Earth Observation Satellites

News: After a disappointing 2021 which saw just one successful launch, ISRO is getting back to business with the EOS-04, an earth observation satellite.


  • An EOS or Earth remote sensing satellite is a satellite used or designed for Earth observation (EO) from orbit.
  • It includes spy satellites and similar ones intended for non-military uses such as environmental monitoring, meteorology, cartography and others. The most common type are Earth-imaging satellites that take satellite images, analogous to aerial photographs.
  • Some EOS may perform remote sensing without forming pictures, such as in GNSS radio occultation.
  • The EOS-04 is fourth in a series of earth observation satellites that are being launched under a new generic name. It is designed to provide high-quality images for applications such as agriculture, forestry and plantations, flood mapping, soil moisture and hydrology. It will complement the data from Resourcesat, Cartosat and RISAT-2B series of satellites that are already in orbit.
  • Two years ago, ISRO had moved to a new naming system for its earth observation satellites which till then had been named thematically, according to the purpose they were meant for.
  • The Cartosat series of satellites were meant to provide data for land topography and mapping, while the Oceansat satellites were meant for observations over sea.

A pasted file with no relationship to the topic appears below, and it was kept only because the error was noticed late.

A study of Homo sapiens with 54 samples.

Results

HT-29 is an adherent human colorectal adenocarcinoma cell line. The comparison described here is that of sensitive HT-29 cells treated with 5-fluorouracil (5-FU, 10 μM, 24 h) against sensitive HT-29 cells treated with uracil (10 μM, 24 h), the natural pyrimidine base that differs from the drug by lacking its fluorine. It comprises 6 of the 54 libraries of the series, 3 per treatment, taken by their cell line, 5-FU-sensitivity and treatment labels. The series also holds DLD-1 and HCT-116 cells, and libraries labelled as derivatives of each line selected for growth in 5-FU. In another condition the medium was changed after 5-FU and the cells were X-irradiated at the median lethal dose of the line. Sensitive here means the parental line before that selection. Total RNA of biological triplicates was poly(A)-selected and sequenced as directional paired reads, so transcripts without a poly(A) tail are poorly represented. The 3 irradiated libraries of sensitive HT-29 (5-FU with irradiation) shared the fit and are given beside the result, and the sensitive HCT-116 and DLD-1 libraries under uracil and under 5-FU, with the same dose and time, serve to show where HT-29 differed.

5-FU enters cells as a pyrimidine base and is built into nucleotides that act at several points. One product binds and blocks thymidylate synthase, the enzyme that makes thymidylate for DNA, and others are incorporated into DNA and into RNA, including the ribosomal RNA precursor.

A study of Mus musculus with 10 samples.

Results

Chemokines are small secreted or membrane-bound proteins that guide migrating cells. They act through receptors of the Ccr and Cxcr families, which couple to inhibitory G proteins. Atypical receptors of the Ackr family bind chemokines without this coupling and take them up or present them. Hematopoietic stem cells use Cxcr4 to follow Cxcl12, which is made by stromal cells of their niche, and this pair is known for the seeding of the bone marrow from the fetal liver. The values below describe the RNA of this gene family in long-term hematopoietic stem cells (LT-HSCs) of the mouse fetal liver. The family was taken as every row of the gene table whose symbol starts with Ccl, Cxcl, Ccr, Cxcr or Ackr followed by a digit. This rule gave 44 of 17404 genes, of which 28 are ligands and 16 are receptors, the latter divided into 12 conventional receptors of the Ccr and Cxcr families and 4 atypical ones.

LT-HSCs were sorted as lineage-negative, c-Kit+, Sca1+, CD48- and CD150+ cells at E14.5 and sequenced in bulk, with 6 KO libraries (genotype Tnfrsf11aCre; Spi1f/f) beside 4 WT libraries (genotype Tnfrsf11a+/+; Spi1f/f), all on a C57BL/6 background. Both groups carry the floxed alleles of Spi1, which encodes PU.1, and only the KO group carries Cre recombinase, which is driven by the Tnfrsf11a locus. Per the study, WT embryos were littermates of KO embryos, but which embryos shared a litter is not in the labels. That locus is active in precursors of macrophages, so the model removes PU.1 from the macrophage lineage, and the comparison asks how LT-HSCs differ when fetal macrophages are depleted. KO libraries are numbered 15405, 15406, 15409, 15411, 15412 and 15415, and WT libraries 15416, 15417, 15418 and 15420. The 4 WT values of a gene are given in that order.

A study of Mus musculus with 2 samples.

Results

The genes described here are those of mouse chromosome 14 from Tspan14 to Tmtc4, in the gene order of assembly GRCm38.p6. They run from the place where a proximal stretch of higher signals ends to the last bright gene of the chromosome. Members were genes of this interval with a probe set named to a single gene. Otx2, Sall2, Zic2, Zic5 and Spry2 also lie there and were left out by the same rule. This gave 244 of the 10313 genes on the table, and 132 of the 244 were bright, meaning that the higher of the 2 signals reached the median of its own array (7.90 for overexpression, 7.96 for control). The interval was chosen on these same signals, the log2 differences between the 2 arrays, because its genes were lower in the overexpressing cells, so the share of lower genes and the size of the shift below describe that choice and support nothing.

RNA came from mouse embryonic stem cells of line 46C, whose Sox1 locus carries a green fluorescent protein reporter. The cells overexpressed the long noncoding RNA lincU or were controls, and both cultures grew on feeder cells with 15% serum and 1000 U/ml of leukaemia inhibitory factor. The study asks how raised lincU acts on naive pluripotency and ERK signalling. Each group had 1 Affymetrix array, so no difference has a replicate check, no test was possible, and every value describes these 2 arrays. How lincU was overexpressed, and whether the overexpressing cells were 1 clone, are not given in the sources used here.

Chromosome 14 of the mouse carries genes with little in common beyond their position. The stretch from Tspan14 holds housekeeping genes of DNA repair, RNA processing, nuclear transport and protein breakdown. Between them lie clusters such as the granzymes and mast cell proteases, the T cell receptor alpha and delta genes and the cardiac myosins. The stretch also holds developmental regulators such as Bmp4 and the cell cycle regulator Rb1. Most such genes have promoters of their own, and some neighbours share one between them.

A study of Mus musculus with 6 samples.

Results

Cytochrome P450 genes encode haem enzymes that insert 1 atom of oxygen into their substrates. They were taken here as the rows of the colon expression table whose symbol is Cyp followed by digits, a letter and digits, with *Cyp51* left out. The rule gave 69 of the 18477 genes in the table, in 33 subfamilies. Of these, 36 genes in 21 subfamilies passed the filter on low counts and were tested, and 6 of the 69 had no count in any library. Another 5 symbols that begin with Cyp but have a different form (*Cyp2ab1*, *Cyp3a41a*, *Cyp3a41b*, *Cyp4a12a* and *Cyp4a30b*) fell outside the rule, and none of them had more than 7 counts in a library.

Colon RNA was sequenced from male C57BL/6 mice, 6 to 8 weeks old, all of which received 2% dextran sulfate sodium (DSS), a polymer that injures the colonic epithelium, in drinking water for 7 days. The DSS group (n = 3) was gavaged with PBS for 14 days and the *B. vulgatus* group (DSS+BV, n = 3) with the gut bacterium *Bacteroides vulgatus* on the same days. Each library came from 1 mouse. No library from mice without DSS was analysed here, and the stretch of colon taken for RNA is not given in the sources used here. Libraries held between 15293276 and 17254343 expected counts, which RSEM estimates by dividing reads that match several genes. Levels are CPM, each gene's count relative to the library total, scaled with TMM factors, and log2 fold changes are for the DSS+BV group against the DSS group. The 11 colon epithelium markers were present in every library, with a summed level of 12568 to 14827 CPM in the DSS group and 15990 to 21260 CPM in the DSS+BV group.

• Some INSAT-series, Resourcesat series, GISAT, Scatsat, and a few other earth observation satellites were named differently for the specific jobs they were assigned to do, or the different instruments that they.
  • All these would now become part of the new EOS series of satellites.

Other Satellites:

  • Besides EOS-04, two other small satellites —INSPIREsat-1 and INS-2TD — will ride on the heaviest version of the PSLV rocket in the early hours from the Sriharikota launch range.
  • The other co-passenger, INS-2TD, is a technology demonstrator for the first India-Bhutan joint satellite that is scheduled to be launched next month. The two countries had signed a space agreement last year, and its first outcome would be the launch of Bhutan-Sat, or INS-2B, on a PSLV rocket.
  • India currently has 53 operational satellites, of which 21 are earth observation ones and another 21 are communication-based. EOS-4 launch would be the 54th flight of the PSLV rocket, and the 23rd of its most powerful XL-version that has six strap-on boosters.